Status: Finished



Fast forward five years, to junior year of high school. After that incident I lost any friendship I ever had a potential of having. Pennylee never talked to me again. I was sitting at a lunch table a month into junior year, reading a book. ‘Gods, Graves, and Scholars’ I’ve become a bookworm after so many years spent alone. Reading made this world disappear, took me away from pain. And bullying.

Just as I thought that something splattered across my face.
There was mocking laughter, and I looked up to see a table of boys, pointing and laughing at me. They’d used a spoon to fling a mass of chili at me. My glasses were smudged, clothes stained, and worse, a dollop of chili lay right in the middle of my page. Swallowing back tears, I stood up, leaving the lunch behind and rushing to the bathroom. Mocking giggles followed me.

Safe in the bathroom, I cleaned my glasses, carefully wiped the chili from my book. The shirt was unsaveable though. It was a lumpy grey sweatshirt that went to my knees and dangled past my fingertips. Now the front was stained. I swallowed again and leaned my head on the cold brick wall, telling myself crying was useless. I hate crying in front of the bullies.
I’m one of the school ‘whipping boys’....girl. People could bully me in the open, and no one would say anything to defend me. After David graduated it got even worse-he at least tried to help.

Every night I came home and sobbed myself to sleep, the cruel words of that day on my lips, in my dreams. I’d come so close to cutting myself the knife would be at my skin, but I could never do it. Too cowardly. My parents didn’t even notice as long as my grades keep up. And so the rumors, taunts, pinches, everything bullying entails continued.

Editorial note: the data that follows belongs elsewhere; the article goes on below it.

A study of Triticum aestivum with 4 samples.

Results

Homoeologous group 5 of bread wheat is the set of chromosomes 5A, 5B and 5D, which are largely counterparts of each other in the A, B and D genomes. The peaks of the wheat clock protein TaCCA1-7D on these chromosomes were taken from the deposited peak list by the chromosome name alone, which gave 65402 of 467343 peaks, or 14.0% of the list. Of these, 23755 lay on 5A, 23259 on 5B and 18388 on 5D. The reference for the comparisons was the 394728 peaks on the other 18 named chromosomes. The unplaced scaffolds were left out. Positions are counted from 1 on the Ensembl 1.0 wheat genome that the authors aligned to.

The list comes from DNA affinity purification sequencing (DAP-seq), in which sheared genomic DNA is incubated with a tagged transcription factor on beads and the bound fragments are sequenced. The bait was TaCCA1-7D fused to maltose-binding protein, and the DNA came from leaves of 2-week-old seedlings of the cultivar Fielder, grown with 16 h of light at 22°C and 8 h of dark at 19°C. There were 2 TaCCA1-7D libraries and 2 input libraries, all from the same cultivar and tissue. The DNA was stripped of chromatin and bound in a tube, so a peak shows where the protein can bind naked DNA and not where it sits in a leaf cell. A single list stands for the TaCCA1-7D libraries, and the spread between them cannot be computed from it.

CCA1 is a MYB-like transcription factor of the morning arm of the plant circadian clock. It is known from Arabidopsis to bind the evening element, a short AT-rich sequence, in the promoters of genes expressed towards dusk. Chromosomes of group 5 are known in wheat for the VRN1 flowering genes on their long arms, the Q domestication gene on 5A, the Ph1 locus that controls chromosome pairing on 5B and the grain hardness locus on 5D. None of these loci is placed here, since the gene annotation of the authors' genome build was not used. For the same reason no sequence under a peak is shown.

I didn’t manage to not cry. As the bell rang I felt a tear on my cheek, trickling down to drop off my lips. Sniffling, I wiped it away, wincing when a stray drop of chili got in my eye. “Oww....” My voice was a low moan. The door opened as a girl walked in, too blurry for me to recognize. We stood frozen until I grabbed my glasses and pushed them up the bridge of my nose, finally able to see Pennylee. “Sorry! S-Sorry!” I ran past her and into the now empty hallway.

In Science, next class, I heard whispers behind me. When I heard my name I turned to see Mallory, the girl who loved making my life hell. I don’t care what they say about bullies having ‘low self esteem’ or ‘not mattering’. Mallory had no problem with her looks, she just liked to hurt people. Mallory tossed a curl of brown hair over her shoulder and smiled. “Hey there, Will.” She mockingly used my nickname, so I tensed up. “I have this party tonight, and I need a guy to bring. Will you bring me, dude?” Half the class cackled at her joke, and I turned away.

Every single day since that party in sixth grade, someone has called me a ‘boy’, one way or another. I’ve been pushed into boy’s locker rooms and bathrooms, cruelly asked out by girls, someone even cut my hair short once. It didn’t look alright for months. I hated my classmates, every one of them, cruel bastards they are. I’ve been called ‘fag, ‘dyke’ , or some new version, for most of my life, so much they seem normal now. Fat jokes, ugly jokes, father/brother/dog fucking jokes, gay jokes, style jokes, intelligence jokes-I have heard all of these and more. This year I had sworn to myself that I would be strong, that no one could bother me. It didn’t work.